New Data Shows: Seriously, People, the Busway is Working!

The busway is still working well — and the city and state have the stats to prove it. Photo: Dave Colon
The busway is still working well — and the city and state have the stats to prove it. Photo: Dave Colon

Papa, don’t preach.

Another set of data confirms earlier findings that residential side streets adjacent to the 14th Street “busway” are not becoming gridlocked by traffic, countering a specious, anecdotal tweet by radio reporter Juliet Papa, who launched a missive last Friday during normal rush-hour traffic.

“Traffic backed up for blocks on 13th St because no cars on 14th,” she tweeted. “Local resident sees me snapping photo and says ‘help us.’ There’s more traffic and noise here now.”

Data says she’s wrong.

New analysis by INRIX, an independent traffic consultant frequently hired by the DOT to review its work, declared that there may have been an increase in total cars on 13th Street, “there has been no actual decrease in travel times,” the company said in a brief update obtained by Streetsblog.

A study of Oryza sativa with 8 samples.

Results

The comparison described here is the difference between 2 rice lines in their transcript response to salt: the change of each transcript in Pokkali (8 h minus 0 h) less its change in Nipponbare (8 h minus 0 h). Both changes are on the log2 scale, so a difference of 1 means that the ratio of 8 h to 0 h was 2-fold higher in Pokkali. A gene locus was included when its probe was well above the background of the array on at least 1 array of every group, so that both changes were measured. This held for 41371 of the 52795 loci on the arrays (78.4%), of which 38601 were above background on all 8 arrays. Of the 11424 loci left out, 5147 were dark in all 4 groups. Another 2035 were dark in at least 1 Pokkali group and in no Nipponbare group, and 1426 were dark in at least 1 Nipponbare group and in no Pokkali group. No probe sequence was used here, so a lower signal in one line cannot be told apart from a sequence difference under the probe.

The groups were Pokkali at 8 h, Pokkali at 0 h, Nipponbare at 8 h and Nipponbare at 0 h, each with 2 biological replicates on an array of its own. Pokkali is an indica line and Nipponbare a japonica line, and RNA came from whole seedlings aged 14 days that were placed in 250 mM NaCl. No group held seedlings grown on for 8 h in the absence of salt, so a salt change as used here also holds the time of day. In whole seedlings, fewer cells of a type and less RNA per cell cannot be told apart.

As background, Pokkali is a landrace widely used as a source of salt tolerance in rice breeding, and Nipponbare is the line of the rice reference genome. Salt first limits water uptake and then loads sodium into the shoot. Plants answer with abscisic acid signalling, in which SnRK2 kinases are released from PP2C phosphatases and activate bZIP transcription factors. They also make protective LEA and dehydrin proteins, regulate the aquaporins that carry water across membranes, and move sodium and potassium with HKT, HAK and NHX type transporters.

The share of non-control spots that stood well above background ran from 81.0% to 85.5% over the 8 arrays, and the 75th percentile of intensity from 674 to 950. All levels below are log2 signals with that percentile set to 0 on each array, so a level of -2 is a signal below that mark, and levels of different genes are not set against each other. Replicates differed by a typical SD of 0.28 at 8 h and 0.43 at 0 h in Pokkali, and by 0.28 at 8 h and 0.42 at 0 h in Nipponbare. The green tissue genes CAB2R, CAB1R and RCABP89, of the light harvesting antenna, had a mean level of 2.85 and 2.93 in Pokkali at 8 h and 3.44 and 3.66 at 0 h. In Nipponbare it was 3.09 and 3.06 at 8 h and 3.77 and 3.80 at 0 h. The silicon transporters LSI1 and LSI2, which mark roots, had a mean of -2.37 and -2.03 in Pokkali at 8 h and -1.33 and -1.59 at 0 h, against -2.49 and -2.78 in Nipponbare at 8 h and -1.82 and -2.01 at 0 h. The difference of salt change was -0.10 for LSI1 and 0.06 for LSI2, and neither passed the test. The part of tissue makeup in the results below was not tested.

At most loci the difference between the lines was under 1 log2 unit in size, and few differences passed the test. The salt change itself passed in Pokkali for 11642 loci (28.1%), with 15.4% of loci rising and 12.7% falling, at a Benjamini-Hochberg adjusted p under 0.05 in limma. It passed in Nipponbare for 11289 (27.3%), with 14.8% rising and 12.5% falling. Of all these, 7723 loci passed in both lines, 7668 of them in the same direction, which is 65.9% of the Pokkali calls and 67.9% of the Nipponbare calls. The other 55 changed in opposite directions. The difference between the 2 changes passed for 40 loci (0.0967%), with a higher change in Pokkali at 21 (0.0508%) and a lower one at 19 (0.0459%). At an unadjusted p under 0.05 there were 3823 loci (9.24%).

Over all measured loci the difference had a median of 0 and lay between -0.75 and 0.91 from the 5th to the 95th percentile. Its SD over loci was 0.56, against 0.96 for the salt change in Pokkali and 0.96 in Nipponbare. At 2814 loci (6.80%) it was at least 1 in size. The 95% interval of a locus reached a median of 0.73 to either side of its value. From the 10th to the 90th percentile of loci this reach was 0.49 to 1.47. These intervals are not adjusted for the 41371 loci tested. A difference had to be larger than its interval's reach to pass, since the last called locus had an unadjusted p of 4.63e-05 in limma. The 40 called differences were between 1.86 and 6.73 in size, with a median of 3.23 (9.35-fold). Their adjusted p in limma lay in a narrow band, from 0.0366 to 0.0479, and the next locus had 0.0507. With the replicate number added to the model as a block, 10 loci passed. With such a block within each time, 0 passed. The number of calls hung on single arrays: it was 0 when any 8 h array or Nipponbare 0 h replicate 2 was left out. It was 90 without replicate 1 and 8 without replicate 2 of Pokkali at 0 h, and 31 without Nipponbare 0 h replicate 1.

“The higher number of vehicles that are making it look like congestion has worsened when in reality trips are not taking measurably longer than they used to.”

The night in question “looks like just normal Friday rush hour,” the company added.

Source: INRIX
Source: INRIX

The chart above shows travel speeds along 13th Street. The orange line represents last Friday, when Papa experienced her meltdown. The blue line is the average of the four Fridays immediately preceding the busway’s opening. The green line is the average performance for the three other Fridays since the busway’s opening. As you can see, there hasn’t been much of a change since the busway launched on Oct. 3.

The latest data match traffic findings previously obtained by Streetsblog. That report, from about two weeks into the busway experiment, showed that travel times for drivers were basically the same. The worst spot turned out to be 16th Street, where drivers making the run between Ninth Avenue and Union Square West, were delayed by just 23 seconds, thanks to a tiny decrease in traffic speed from 7.3 miles per hour to 6.9 miles per hour.

In the end, Papa’s tweet appears to show a normal line of cars stopped at a red light.